Leafhopper

Leafhopper

Leafhopper ControlLearn how to identify and control leafhopper using organic methods.

Description

Many species of leafhoppers exist in home gardens throughout North America. Both adults and nymphs feed by puncturing the undersides of leaves and sucking out plant juices. Their toxic saliva causes spotting (white specks), yellowing, leaf curling, stunting and distortion of plants. They are also responsible for transmitting the organisms causing virus diseases in plants. Common host plants include beans, lettuce, beets, potato, grapes, roses and many others.

Leafhopper adults (1/4 inch long) are slender, wedge-shaped insects that fly or disperse rapidly when disturbed. Depending on species they may be green, brown or yellow in color and often have colorful markings. Nymphs do not have wings and are generally lighter in color than adults. Both adults and nymphs run sideways and are good jumpers.

Note: There are more leafhopper species worldwide than all species of birds, mammals, reptiles and amphibians combined.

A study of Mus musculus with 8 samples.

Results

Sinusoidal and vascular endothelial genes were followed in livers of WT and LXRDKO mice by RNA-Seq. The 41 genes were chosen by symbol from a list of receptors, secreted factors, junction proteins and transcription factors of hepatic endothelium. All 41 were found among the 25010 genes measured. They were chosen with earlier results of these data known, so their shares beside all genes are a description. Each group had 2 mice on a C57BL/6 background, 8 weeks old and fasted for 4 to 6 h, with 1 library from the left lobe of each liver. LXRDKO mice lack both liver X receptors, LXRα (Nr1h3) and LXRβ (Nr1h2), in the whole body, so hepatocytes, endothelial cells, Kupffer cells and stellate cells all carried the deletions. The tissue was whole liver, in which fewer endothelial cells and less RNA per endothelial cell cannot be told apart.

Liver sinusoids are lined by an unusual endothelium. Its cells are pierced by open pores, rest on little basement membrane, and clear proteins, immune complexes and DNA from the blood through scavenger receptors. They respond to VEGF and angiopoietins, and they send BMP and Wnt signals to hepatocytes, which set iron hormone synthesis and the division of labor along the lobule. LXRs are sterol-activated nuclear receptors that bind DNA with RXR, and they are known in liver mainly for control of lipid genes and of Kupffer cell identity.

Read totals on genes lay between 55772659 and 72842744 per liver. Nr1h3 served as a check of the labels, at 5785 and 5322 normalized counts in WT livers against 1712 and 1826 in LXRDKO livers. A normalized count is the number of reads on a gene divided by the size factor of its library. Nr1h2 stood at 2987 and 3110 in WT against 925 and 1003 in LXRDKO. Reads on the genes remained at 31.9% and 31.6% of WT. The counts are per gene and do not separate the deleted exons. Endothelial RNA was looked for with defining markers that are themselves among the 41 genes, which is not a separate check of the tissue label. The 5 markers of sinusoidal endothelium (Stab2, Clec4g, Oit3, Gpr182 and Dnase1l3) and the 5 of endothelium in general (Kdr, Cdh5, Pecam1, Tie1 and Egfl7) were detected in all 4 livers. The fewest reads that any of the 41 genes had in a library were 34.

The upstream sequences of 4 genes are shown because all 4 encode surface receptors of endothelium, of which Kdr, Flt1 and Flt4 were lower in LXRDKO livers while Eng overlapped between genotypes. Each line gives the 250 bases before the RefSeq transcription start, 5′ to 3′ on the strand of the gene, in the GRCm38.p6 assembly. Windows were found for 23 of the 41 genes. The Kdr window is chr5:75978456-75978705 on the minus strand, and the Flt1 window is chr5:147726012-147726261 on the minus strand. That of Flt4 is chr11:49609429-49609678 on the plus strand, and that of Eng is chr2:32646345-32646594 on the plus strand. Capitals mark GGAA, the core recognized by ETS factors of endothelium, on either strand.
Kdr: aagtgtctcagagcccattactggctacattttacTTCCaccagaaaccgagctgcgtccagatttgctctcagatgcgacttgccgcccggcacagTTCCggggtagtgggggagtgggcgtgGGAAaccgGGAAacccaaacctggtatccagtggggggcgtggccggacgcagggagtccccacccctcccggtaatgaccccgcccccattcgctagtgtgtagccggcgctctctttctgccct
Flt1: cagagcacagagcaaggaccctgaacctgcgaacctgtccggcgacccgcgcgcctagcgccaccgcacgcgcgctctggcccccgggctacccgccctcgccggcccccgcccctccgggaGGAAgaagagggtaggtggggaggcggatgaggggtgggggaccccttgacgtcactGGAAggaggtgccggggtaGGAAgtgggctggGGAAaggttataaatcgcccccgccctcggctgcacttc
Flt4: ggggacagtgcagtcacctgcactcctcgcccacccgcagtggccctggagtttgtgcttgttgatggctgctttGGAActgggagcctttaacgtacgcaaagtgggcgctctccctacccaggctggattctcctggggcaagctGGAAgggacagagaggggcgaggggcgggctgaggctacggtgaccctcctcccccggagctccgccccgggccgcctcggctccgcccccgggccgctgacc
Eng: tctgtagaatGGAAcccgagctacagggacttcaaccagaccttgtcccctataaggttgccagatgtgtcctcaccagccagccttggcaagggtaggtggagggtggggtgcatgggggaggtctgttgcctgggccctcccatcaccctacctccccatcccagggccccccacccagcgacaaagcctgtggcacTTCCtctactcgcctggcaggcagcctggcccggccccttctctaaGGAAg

Life Cycle

Adults overwinter in crop debris or non-cultivated areas adjacent to gardens. In late spring females deposit 1-6 eggs daily within the stems and larger veins of the leaves. Hatching occurs in 6-9 days, and the young nymphs molt 5 times before they become fully grown adults. White cast skins shed by the molting nymphs can often be found attached to the underside of damaged leaves. The period from egg to adult is about three weeks. Several overlapping generations may be completed during the growing season.

Leafhopper Control

Remove garden trash and other debris shortly after harvest to reduce over-wintering sites. Floating row covers can be used as a physical barrier to keep leafhoppers from damaging plants. Commercially available beneficial insects, such as ladybugs, lacewing, and minute pirate bugs, are all voracious predators of both the egg and young larval stage. Apply diatomaceous earth to plants and/or spot treat with insecticidal soap to keep pest populations under control. Thorough coverage of both upper and lower infested leaves is necessary for effective control. If pest levels become intolerable, spot treat with organic insecticides as a last resort.

Tip: To improve the effectiveness of insecticidal soap, mix 1 tablespoon of isopropyl alcohol to 1 quart of the spray. It helps the soap penetrate the insects’ outer shell.